Budapest, May 6 (MTI) – Hungarian President Janos Ader opened the inaugural session of Hungary’s new parliament today morning.
Ader proposed that parliament should re-elect Viktor Orban, leader of the election-winning Fidesz party, as prime minister.
The result of the April 6 general election must make everyone aware that the Hungarian nation considers the “lengthy process of regime change as completed”, Ader said in his address.
Hungarians sought freedom and welfare after the democratic transition, but these two hopes had not been equally fulfilled, he said.
“While our hope for freedom has been step by step fulfilled, the possibility of decent well-being has not yet been ensured equally to everyone,” the president said, and called it a major task of the next period to enhance a western-style development of the middle-class in Hungary.
Ader said that voters on April 6 sent the clear message to Hungary’s new parliament that they consider the “barren political debates of the past as closed.”
He said there was no point in engaging in barren debates about whether Hungary as a modern, 21st-century free state associates itself with past dictatorships and with their inhuman and unforgiveable crimes, because the answer is clearly “no,” Ader said. However, the painful heritage of the national-socialist regime called “fascism” and the communist regime called “socialism” that “claimed the lives of hundreds of thousands of Hungarians and crippled the lives of millions” cannot be erased from Hungary’s history, he added.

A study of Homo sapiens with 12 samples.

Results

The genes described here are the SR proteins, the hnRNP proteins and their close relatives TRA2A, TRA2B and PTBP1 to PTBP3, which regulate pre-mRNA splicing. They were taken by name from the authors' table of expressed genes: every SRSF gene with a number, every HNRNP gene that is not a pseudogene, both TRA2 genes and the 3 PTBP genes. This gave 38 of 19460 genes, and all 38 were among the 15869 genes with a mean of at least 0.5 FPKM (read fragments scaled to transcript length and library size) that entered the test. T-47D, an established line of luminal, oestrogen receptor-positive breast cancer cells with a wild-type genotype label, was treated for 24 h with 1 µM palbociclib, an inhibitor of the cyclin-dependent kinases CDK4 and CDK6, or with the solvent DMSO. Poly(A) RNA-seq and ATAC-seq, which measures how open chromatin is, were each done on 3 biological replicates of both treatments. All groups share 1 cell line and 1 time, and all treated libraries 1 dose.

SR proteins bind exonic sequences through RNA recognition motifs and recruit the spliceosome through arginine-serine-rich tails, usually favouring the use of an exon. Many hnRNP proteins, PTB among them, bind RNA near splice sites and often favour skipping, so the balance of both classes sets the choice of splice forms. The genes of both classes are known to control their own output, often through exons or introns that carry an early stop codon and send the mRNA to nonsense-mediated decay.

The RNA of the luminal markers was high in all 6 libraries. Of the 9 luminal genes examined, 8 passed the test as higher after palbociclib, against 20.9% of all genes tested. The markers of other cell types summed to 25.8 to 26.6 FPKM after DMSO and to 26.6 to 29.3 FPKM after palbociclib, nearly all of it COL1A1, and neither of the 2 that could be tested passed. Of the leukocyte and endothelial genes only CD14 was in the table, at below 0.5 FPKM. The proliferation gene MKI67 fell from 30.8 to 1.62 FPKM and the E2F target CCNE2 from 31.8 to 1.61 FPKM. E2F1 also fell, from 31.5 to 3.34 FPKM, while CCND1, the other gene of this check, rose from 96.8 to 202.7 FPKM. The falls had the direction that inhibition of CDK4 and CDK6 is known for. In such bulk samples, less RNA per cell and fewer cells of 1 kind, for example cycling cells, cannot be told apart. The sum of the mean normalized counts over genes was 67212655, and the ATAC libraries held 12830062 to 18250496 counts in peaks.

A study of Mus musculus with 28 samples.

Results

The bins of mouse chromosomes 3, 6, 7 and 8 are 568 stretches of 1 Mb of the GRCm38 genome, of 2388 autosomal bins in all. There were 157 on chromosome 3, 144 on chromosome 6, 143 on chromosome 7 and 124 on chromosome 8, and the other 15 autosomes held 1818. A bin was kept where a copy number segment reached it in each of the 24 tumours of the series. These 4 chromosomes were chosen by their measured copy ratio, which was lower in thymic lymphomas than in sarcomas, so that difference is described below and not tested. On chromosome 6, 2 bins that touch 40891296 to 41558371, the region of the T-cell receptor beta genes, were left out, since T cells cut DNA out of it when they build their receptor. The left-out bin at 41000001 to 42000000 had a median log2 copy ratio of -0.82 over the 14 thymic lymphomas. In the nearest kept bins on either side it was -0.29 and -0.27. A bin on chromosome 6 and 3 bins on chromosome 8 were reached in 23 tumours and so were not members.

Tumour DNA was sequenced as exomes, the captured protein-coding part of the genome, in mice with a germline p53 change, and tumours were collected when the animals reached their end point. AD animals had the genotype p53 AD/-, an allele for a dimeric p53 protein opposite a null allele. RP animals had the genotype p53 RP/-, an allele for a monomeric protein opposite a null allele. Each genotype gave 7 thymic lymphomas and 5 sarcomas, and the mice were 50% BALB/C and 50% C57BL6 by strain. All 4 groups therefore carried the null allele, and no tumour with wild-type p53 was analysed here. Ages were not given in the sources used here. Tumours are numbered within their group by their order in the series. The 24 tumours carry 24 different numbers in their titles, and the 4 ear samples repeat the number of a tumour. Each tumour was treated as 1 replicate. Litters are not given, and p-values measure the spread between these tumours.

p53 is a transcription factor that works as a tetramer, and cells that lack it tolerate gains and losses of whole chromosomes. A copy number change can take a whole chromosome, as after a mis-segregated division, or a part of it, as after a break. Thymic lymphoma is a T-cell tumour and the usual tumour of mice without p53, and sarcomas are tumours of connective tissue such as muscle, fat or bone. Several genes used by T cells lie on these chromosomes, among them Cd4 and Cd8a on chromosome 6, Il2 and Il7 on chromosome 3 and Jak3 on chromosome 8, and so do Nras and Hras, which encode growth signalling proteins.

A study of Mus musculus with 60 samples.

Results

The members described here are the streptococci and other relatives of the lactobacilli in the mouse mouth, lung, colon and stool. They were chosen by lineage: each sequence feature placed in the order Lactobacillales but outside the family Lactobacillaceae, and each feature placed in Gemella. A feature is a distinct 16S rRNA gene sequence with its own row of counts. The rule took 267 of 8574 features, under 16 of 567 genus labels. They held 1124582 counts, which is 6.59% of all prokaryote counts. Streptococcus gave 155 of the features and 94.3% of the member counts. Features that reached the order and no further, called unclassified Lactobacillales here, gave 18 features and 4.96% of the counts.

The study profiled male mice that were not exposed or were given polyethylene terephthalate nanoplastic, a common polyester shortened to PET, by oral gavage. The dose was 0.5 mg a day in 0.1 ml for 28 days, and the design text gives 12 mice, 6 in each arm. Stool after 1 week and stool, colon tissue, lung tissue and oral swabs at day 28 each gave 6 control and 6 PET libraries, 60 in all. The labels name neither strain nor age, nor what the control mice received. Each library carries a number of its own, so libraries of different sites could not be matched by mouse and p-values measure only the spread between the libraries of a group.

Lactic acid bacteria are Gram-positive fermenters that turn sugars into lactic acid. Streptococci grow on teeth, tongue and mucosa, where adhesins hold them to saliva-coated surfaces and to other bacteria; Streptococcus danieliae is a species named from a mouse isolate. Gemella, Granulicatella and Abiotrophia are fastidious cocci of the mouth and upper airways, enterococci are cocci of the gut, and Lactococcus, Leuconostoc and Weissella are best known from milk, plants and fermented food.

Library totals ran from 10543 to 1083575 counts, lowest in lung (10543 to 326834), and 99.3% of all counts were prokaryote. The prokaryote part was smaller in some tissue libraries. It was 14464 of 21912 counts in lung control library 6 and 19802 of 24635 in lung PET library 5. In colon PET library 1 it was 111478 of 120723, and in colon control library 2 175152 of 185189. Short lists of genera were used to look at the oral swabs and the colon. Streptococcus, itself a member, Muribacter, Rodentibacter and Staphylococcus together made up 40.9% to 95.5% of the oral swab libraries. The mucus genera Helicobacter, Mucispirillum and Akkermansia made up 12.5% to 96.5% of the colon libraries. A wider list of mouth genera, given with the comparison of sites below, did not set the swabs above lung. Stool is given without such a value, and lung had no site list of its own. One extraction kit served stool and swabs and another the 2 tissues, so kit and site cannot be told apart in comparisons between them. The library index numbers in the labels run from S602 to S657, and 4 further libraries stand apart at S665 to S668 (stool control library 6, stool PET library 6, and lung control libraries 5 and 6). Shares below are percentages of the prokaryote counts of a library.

We Hungarians today have only one thing to do in connection with this, to choose the only decent option, and stand, in spirit, altogether, on the side of the victims, Ader said.
He said the vote last month was the seventh free election in post-transition Hungary, but the first one when Hungarians beyond the borders had the possibility “to express their will to belong to our political nation.” This is also the first parliament where the deputies take their oath on the country’s new constitution, where the number of deputies is lower, at 199, and in which Hungary’s 13 minorities will also be represented.
The president said that the National Election Committee last week declared the results of the April 6 ballot as final and the Constitutional Court also passed rulings on submissions regarding the election laws.
Based on these two, nobody can question the transparency of the election, the constitutionality of Hungary’s election system and the legitimacy of the new government, Ader said.